October 15, 2015
Der Standaart interviews Yazbek: “What is happening in Syria is a failure of the world’s conscience”

Der Standaart interviews Yazbek: “What is happening in Syria is a failure of the world’s conscience”

An interview by Ruth Reif, for Der Standaart, published on October 2, 2015

“My soul remains in Syria»

A year after the outbreak of the Syrian revolution, Samar Yazbek was forced to flee. Her name was blacklisted. Since then she has returned several times secretly to her home to interview people.

Ms. Yazbek (…) Has the World abandoned Syria?

Samar Yazbek: What is happening in Syria is well known. All evidence of the war crimes of the Assad regime was submitted to the United Nations, even before the emergence of the Islamic State (IS) and similar groups. The powerful countries, including the USA, ignored the massacres that Assad perpetrated against his people. Later, they declared that the terrorism of ISIS constitutes a threat to the Western civilisation. They said they would fight ISIS. But this is a hypocrisy. The West did not intervene in Syria, even after Assad had used poisonous gas against against civilians (…)

“The Stolen Revolution” [German title of The Crossing] is the title of your book. Why was this theft possible?

Yazbek: The theft was carried out in many stages. First the protests against the Assad regime were peaceful. Nevertheless, the protesters were arrested, tortured and even killed, with unimaginable brutal force on behalf of the army and intelligence services.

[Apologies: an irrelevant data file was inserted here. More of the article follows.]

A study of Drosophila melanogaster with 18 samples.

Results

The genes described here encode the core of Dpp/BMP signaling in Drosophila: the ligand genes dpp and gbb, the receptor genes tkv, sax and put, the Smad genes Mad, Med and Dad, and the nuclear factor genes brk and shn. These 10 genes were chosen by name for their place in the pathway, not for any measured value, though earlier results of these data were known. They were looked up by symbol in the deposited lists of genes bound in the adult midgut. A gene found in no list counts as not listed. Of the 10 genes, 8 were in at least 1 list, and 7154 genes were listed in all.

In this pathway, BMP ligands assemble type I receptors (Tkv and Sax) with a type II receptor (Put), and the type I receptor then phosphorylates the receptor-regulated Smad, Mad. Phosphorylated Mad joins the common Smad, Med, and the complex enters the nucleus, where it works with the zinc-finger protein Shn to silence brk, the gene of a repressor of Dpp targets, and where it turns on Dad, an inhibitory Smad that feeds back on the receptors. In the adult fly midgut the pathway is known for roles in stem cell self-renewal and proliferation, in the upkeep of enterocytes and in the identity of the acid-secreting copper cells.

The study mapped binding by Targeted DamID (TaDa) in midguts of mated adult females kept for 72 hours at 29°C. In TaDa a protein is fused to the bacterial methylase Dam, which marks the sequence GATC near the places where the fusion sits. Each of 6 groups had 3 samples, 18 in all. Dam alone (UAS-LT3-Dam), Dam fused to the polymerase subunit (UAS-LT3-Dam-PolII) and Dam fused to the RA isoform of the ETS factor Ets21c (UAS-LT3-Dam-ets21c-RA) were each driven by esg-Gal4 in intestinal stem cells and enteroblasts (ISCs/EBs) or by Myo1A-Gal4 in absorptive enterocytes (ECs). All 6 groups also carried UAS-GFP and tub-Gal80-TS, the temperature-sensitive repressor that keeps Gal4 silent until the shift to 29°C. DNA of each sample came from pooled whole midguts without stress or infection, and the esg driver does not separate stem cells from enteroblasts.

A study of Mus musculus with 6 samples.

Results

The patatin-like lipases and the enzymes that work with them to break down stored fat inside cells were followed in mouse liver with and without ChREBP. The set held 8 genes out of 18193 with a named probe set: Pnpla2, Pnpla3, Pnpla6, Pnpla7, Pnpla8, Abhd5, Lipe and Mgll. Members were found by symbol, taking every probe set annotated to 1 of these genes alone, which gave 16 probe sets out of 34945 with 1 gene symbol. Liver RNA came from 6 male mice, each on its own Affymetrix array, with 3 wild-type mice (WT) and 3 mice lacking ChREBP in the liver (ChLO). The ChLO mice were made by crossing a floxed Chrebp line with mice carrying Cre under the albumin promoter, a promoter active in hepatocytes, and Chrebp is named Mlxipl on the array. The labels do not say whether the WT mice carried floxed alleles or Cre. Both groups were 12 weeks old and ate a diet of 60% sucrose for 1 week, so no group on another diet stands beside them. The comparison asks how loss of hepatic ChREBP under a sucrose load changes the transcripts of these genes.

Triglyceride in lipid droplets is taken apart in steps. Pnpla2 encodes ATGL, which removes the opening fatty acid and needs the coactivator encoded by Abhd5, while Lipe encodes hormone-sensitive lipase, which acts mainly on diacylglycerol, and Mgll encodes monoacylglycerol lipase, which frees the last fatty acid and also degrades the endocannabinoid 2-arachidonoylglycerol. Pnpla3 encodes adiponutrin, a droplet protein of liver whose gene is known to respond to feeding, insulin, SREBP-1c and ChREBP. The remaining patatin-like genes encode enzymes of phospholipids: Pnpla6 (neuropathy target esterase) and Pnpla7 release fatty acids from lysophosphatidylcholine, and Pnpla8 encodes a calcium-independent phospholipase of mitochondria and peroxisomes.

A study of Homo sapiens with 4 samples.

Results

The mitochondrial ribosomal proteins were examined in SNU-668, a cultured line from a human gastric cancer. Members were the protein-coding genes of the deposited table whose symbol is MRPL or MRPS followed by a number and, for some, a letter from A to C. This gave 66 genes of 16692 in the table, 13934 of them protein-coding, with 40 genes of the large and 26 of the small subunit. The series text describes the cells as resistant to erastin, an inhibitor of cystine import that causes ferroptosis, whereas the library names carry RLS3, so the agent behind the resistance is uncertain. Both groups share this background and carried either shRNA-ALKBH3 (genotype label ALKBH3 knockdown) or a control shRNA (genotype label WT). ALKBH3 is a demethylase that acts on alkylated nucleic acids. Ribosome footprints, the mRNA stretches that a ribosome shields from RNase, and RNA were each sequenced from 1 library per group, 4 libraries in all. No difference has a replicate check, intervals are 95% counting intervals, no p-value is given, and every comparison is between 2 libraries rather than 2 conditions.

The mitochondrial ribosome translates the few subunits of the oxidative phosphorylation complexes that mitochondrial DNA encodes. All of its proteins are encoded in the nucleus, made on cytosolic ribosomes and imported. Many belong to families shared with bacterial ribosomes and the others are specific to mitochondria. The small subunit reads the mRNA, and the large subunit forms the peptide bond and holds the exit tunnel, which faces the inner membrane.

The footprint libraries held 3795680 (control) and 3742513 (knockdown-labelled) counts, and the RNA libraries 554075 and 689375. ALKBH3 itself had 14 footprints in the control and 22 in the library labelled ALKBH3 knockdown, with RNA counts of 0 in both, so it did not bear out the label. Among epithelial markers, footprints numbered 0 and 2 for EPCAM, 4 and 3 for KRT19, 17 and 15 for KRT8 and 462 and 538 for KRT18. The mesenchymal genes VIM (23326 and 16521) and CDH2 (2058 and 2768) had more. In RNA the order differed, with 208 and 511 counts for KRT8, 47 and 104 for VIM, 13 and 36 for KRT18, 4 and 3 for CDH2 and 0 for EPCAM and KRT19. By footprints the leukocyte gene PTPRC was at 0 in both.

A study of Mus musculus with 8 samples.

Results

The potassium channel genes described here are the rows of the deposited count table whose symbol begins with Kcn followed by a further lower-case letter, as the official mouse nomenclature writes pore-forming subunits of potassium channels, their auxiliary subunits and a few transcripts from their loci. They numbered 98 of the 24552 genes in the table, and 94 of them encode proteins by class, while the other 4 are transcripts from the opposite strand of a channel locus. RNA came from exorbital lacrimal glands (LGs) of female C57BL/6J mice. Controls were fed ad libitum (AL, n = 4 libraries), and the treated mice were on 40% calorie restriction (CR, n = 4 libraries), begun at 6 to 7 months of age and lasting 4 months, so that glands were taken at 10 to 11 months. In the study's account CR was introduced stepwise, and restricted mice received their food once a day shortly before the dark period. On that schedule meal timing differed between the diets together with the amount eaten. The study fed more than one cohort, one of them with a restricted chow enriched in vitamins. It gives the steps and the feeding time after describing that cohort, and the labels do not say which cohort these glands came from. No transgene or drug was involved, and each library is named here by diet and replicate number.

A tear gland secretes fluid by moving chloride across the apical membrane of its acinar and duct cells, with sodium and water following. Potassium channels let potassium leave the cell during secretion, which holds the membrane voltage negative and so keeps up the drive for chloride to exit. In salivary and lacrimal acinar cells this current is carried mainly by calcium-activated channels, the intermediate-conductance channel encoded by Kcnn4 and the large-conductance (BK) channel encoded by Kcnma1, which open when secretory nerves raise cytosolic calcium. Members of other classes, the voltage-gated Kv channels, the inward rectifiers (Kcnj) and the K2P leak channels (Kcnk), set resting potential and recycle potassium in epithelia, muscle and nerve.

Did the revolution have some support in the population?

Yazbek: To be able to defend themselves, the protesters started to arm themselves and the Free Syrian Army was created. But the truth is that they do not receive any assistance. The international community ignored what was happening. Instead, Jihadists streamed into the country through Turkey’s open borders. From this moment on, the revolution took a completely different direction and lost its original goal, which has gone entirely out of sight.


Does the opposition of intellectuals and civil society have any chance?

Yazbek: Under the present conditions I see no reason for optimism. As long as the Assad regime is not deterred, and Syria continually bombed, people will keep dying. Only if the powerful countries show the will to stop the bloodshed in Syria, will the Syrian protest movement have hope again. There is also the intellectuals’ endeavor. Currently, they lack confidence in the honesty of United Nations. After Kofi Annan and Lakhdar Brahimi, the new UN special envoy Staffan de Mistura also threatens  to resign.

Is it impossible to arrive at a solution which brings peace and freedom by negotiation?

Yazbek: If the powerful countries decide to stop the bloodshed, there will be a solution. If they continue to watch Syria being turned into a battlefield where war crimes are taking place, then there will not be a solution. What is happening in Syria is a failure of the world’s conscience.

How could a political solution to Syria look like?

Yazbek: Assad has to go. To end the violence, we must first eliminate the causes of violence, (…) and then its consequences such as ISIS and other extremists. And then we can think about rebuilding the Syrian society (…)

The Syrian writer Rafik Shami, who lives in exile since 1971, said exile and death can not be learned. Would you agree?

Yazbek: I’ll never get used to exile. We escaped the Syrian massacre. Now we have the task of being a bridge for those who are still inside, and to keep the memory of the dead alive. Slowly, I enter exile (…) But with my thoughts and soul, I stay in Syria.

Do you have any hope of seeing your country again?

Yazbek: Yes, this hope I have, and for it, I live.